Govts dump NAPLAN robo marking plans


To allay concerns.

Australian education ministers have agreed not to introduce automated essay marking for NAPLAN writing tests later this year, heeding calls from teachers' groups to reject the proposal.

The Council of Australian Governments (COAG)'s education council quietly revealed the decision - which was made in December - last week, but said it wouldn't rule out reintroducing the plans in the future.

Australia’s national curriculum authority, ACARA, announced plans to use cognitive computing to mark the writing component of the annual benchmarking exams almost three years ago as part of the move to NAPLAN online.

At the time it said there was a growing body of academic literature that supported the use of automated marking solutions as an alternative to human markers, claiming in many instances they performed as well, or even better, than the teachers involved.

Emulating human marking was also intended to allow for a faster turnaround of results, letting “teachers and schools to respond to identified student learning needs more quickly”, the authority said.

Computer models would be trained to score certain writing characteristics, including grammar and syntax, by feeding more than 1000 samples of students’ writing and the marking criteria into the automated essay scoring system.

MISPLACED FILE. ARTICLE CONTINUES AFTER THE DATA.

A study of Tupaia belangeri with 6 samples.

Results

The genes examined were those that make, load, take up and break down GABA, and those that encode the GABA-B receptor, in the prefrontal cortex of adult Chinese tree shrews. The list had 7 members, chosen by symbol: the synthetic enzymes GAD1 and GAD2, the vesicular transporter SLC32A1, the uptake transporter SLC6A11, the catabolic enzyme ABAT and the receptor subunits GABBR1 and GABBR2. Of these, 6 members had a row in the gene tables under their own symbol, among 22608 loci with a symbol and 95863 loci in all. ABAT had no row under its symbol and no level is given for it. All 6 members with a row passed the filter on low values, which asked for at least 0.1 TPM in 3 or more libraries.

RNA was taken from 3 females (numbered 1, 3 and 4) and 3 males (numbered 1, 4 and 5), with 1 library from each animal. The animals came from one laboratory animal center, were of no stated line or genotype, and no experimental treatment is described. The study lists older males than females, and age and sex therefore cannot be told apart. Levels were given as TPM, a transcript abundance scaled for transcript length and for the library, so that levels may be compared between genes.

Exams were to be initially marked by both the automated essay scoring system and a human marker to “provide reassurance of reliability”, ACARA said in September, with “difference resolved by a senior human marker”.

But the proposal has long been a concern for teachers' groups, who have argued that computer-based marking undermines the creative aspect of student performance and learning. 

It most recently came under fire from the NSW Teachers Federation, which accused ACARA’s plan as being “methodologically flawed” and “massively incomplete”, shortly before Fairfax revealed NSW had ruled out introducing automated marking.

Last week the COAG education council quietly revealed that it made the decision not to introduce  automated essay scoring at its December meeting, which it did not release a communique for at the time.

“Any change to this position in the future will be informed by further research into automated essay scoring, and be made as a decision of the education council," it said.

ACARA said the decision had been made to “allay” concerns.

“While research by ACARA shows that automated essay scoring has the potential to be a viable option for marking writing scripts, concerns still exist for some stakeholders," it said in a statement.

The education council did not indicate whether ministers had also agreed to give schools another year to transition to NAPLAN online, something that Western Australia’s education minister Sue Ellery had intimated was being considered ahead of the December meeting.

ACARA is still aiming to shift NAPLAN fully online for all states and territories by 2019.